The Benefits of Cross-Selling
A law firm should be more than a collection of solo practitioners. While sharing office space can help reduce the costs of running a legal office, a true partnership provides much more. It is the epitome of the whole being more than the sum of its collective parts. A firm compensation plan which rewards an attorney’s production should include more than just the work they do. It should also include the work that the attorney produces for the firm which is done by others within it. And for that type of arrangement to be successful, such true law firms require effort beyond simply having a robust compensation plan.
A successful law firm strategically markets itself, its practice areas, and its individual members.
This marketing effort is supported by each of its members who contribute in their own way, capitalizing on their strengths. This means making individual contributions to the marketing of the firm as a whole, the practice areas in which one is involved and also in marketing one’s self. While that sounds easy enough, most lawyers, especially busy lawyers, are unwilling to devote the time, energy, and resources necessary for these efforts to be effective. However, in those firms which are successful, such efforts are a must. But, for the firm to truly reach its potential, these efforts must be further amplified.
While marketing one’s self and one’s practice area and engaging in firm-wide marketing are all taxing, a firm is not reaching its marketing potential if its members are not also cross-selling.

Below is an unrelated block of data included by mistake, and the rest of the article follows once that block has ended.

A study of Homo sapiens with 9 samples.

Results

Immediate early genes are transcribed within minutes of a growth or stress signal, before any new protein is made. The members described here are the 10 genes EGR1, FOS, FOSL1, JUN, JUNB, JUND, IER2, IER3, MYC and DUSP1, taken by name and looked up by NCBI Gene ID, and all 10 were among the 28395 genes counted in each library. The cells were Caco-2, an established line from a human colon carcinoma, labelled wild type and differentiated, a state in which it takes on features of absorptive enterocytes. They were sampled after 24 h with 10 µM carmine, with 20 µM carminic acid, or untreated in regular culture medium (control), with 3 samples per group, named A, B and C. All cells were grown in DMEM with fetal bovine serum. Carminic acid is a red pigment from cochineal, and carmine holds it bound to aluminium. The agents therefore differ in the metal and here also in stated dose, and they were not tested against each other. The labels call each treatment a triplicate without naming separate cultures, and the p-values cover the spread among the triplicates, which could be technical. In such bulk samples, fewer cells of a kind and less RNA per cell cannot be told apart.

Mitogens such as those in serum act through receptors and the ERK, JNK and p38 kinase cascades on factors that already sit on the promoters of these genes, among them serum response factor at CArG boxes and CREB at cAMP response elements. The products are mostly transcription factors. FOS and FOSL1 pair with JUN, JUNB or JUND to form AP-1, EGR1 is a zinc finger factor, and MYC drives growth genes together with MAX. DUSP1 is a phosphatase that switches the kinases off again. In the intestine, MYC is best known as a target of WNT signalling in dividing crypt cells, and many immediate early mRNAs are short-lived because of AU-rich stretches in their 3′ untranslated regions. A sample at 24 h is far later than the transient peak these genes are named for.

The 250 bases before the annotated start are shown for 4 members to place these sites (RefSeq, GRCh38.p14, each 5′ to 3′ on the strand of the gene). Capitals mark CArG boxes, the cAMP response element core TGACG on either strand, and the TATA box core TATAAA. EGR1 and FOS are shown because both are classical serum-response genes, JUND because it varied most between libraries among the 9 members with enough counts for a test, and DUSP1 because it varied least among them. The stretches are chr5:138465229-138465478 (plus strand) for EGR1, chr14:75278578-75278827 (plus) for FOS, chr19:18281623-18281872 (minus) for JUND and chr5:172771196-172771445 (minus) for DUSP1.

It is not enough to market simply those areas within each member’s individual purviews. Instead, a firm’s members should also be marketing the firm’s other practice areas and individuals. Everyone who does so is leveraging their relationships, reputation, and resources to create even greater value for the firm as a whole (and thus for themselves).
How does one go about cross-selling?
Well, first you must have a good understanding of what everyone else does.
For larger firms, it may help to just know what all the firm is capable of doing even if you don’t know the individuals who do it. And it must be what they are truly good at, not simply what they filled out on some sort of form. One of the reasons that firm members hesitate to cross-sell is because they have had a bad experience in the past. It is damaging for an individual (and the firm as a whole) to recommend someone within the firm to a client or former client or friend or associate and for them to have a bad experience. The firm should be built on trust. Trust that someone won’t tackle something that they are not capable of doing well. Trust that they will provide quality services for a reasonable fee and a reasonable amount of time. Trust that they will take care of your client. Failures in these areas must be dealt with if the firm’s members are to engage in cross-selling.